Barefoot bandit jailed for crime spree

A youthful thief who rocketed to international notoriety as the “Barefoot Bandit” while he evaded police during a two-year crime spree has been sentenced to more than seven years in state prison after pleading guilty to dozens of charges.

A youthful thief who rocketed to international notoriety as the “Barefoot Bandit” while he evaded police during a two-year crime spree has been sentenced to more than seven years in state prison after pleading guilty to dozens of charges.

Colton Harris-Moore, 20, showed no reaction as the sentence was delivered by a judge who took pity over his bleak upbringing at the hands of an alcoholic mother and a series of her convict boyfriends – a situation she described as a “mind-numbing absence of hope”.

“This case is a tragedy in many ways, but it’s a triumph of the human spirit in other ways,” Judge Vickie Churchill said.

“I could have been reading about the history of a mass murderer. I could have been reading about a drug abusive, alcoholic young man. That is the triumph of Colton Harris-Moore: he has survived.”

Harris-Moore’s daring run from the law earned him international fame and a movie deal to help repay his victims after he flew a stolen plane from Indiana to the Bahamas in July 2010, crash-landed it near a mangrove swamp and was arrested by Bahamian authorities in a hail of bullets.

The court proceedings consolidated cases against Harris-Moore in three counties in Washington state. He has already pleaded guilty to federal charges in Seattle and will be sentenced for those crimes early next year, but the sentence is expected to be shorter than his state term.

Harris-Moore faced a sentencing range of just over seven years to just under 10 years.

“Colton’s very pleased,” said his attorney John Henry Browne. “He was expecting the worst.”

Prosecutor Greg Banks said he was glad the case is over and he could live with the sentence.

“I can see why people are sympathetic to him,” Mr Banks said. “It’s still a significant amount of time for someone who’s never been in the adult system.”

Wearing handcuffs and an orange jail uniform, Harris-Moore spoke softly in court while entering his pleas.

In a statement provided to the judge, he said his childhood was one he would not wish on his “darkest enemies”.

Still, he said he took responsibility for the crime spree that brought him international notoriety, and said he learned too late of the fear he was instilling in his victims.

Harris-Moore said he studied manuals and online videos to teach himself to be a pilot, and the thrills he experienced while flying stolen planes renewed his passion for life and will help him rehabilitate while in prison.

“The euphoria of the countdown to take-off and the realisation of a dream was nearly blinding,” he wrote of his first illicit flight on November 11, 2008. “My first thought after take-off was, ’Oh my God, I’m flying’. I had waited my entire life for that moment.”

He said he will use his prison time to study and get ready to apply to college, with the hope of earning an aeronautical engineering degree.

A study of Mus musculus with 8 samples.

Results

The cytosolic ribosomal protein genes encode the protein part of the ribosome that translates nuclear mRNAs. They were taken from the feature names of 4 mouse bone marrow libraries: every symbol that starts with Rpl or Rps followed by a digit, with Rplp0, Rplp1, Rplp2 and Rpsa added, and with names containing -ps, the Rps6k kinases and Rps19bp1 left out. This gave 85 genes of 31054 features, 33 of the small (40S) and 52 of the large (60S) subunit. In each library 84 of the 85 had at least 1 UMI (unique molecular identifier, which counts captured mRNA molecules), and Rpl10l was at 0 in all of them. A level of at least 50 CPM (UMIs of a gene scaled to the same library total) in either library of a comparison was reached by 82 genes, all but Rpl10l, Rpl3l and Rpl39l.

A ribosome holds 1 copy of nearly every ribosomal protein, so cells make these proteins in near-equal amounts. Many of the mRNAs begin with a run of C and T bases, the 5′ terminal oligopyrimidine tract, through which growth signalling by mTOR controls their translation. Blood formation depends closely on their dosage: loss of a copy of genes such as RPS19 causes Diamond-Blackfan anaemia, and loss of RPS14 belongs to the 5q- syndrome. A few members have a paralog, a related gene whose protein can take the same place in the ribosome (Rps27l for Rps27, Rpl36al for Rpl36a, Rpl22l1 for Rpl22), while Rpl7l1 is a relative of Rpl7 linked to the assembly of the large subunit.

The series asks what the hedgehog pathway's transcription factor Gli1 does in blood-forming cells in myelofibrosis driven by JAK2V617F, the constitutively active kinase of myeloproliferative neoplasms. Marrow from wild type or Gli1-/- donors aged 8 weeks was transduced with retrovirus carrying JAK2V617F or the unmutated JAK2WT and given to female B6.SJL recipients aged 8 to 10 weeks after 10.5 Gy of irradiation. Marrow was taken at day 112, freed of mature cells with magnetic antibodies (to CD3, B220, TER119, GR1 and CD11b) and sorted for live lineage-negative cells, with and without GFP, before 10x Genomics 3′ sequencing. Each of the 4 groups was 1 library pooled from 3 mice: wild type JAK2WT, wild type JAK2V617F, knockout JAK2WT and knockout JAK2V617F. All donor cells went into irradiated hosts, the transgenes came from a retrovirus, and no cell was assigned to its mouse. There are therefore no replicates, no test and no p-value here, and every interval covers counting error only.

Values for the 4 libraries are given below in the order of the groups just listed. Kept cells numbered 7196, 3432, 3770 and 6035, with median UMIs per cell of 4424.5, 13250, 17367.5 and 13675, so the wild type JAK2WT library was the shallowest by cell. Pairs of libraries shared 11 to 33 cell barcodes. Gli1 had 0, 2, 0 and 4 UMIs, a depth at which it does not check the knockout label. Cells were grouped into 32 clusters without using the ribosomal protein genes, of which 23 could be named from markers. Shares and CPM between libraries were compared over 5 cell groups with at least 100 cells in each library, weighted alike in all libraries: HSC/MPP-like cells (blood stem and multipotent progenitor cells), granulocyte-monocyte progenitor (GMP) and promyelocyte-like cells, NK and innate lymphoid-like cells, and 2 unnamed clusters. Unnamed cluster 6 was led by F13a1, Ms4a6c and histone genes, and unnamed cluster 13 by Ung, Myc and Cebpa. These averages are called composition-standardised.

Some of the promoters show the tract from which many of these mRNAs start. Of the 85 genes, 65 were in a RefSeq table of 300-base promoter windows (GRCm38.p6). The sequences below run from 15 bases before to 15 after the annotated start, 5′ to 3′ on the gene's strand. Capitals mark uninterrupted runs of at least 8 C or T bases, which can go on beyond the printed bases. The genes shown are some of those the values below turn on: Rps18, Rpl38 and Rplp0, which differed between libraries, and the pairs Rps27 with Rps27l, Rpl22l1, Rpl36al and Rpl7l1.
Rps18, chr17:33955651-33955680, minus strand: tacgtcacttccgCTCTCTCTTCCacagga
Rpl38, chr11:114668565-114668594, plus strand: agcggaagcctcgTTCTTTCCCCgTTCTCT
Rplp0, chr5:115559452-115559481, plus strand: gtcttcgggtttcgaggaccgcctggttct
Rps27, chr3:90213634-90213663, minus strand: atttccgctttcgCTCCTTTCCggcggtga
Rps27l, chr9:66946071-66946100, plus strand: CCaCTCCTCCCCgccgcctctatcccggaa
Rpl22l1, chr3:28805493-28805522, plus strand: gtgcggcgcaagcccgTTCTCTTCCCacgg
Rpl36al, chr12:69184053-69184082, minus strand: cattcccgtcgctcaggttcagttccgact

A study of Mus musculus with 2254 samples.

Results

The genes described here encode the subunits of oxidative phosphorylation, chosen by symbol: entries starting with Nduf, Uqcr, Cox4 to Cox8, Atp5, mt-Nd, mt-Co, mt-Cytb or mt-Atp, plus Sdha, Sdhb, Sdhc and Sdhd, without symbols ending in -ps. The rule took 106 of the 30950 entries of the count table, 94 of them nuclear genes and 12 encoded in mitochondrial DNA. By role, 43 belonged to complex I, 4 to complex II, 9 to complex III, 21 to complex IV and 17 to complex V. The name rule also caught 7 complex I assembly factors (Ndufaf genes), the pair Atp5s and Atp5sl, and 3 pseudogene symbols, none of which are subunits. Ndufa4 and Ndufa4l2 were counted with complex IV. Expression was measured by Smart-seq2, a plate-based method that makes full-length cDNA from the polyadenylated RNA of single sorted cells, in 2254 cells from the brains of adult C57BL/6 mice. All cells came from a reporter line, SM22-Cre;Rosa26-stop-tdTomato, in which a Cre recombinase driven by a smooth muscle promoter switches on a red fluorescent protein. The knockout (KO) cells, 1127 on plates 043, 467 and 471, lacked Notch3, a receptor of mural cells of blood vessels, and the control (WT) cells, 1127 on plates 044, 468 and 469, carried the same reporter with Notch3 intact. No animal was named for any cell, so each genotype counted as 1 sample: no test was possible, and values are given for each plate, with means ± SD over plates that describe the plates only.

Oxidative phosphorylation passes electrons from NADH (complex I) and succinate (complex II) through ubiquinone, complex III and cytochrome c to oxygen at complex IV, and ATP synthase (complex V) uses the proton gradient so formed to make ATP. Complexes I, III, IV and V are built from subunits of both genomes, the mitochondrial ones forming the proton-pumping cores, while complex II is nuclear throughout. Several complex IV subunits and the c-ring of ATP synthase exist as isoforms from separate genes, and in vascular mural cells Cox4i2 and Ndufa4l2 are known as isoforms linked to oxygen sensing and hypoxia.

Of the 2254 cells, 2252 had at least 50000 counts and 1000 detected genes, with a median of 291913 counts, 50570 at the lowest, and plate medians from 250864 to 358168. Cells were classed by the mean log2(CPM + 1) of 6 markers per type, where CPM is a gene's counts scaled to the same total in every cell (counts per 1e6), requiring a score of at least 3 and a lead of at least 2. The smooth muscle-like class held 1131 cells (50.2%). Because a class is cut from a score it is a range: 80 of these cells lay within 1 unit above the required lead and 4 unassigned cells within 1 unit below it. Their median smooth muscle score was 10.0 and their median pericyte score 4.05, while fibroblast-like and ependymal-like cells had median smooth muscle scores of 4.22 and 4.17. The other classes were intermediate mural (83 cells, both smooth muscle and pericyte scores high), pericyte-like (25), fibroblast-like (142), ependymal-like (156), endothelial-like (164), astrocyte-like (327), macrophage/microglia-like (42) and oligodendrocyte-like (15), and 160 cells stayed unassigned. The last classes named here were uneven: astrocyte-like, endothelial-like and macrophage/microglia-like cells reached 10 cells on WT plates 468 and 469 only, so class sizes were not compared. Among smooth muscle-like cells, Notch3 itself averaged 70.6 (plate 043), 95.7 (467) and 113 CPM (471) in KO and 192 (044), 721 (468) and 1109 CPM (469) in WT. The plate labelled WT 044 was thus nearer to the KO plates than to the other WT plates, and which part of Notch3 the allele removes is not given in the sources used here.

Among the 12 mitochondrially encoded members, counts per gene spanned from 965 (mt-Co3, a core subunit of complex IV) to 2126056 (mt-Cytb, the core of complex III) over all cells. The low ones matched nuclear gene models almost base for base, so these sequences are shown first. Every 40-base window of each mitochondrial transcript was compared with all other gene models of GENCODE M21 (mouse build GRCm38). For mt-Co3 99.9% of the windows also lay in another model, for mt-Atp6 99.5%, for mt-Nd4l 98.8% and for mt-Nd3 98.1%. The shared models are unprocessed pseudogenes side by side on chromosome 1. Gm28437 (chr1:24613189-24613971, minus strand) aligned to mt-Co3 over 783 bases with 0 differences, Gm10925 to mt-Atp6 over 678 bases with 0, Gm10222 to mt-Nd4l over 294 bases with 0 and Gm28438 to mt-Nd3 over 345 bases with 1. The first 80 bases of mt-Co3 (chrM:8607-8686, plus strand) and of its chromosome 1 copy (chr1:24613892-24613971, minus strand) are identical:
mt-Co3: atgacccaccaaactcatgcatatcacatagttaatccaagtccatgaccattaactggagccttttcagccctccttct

Several victims and a few curious citizens watched Harris-Moore enter his pleas in Island County Superior Court, along with Harris-Moore’s aunt.

Mr Browne said the young man’s time on the run was horrific and included spending nights in culverts and portable toilets.

Harris-Moore’s first conviction came at the age of 12, in 2004, for possession of stolen property, and according to the reports, his first experience with burglary came when he broke into the homes of his classmates to steal food because his mother spent most of her social security income on beer and cigarettes – something she has denied.

Over the next three years he was convicted of theft, burglary, malicious mischief and assault, among other crimes.

In 2007, the boy was sentenced to three years in a juvenile lock-up after pleading guilty to three burglary counts in Island County. But he fled the minimum-security facility in April 2008 and was soon back to his old tricks, breaking into unoccupied vacation homes, stealing food and sometimes staying there.

As investigators repeatedly failed to catch him, his antics escalated: He began stealing planes from small, rural airports and crash-landing them – at least five in all.

Harris-Moore’s final spree came after he stole a pistol in eastern British Columbia and took a plane from a hangar in Idaho, where investigators found bare footprints on the floor and wall. That plane crashed near Granite Falls, Washington, after it ran out of fuel.

He made his way to Oregon in a 32ft boat stolen in south-west Washington, stopping first to leave $100 at an animal shelter in Raymond, Washington.

From Oregon, authorities said, Harris-Moore travelled across the United States, frequently stealing cars from the car parks of small airports.

In Indiana, he stole another plane and made for the Bahamas, more than 1,000 miles away, where authorities finally caught him in a manhunt that spanned multiple islands.

Among the courtroom spectators were 18-year-olds Annie Cain and Hayley Hanna, who drove from nearby Langley to be at the courthouse at 5.30am – four hours before the hearing.

“We wanted to be here just because he’s so young, and everything he did, it’s fascinating,” Ms Cain said.

Fox bought the movie rights in a deal that could be worth $1.3m, and Dustin Lance Black, who won an Academy Award for writing the movie Milk - about the gay rights activist Harvey Milk- – is working on the screenplay.

Harris-Moore does not get to keep any of the money under the terms of his federal plea deal.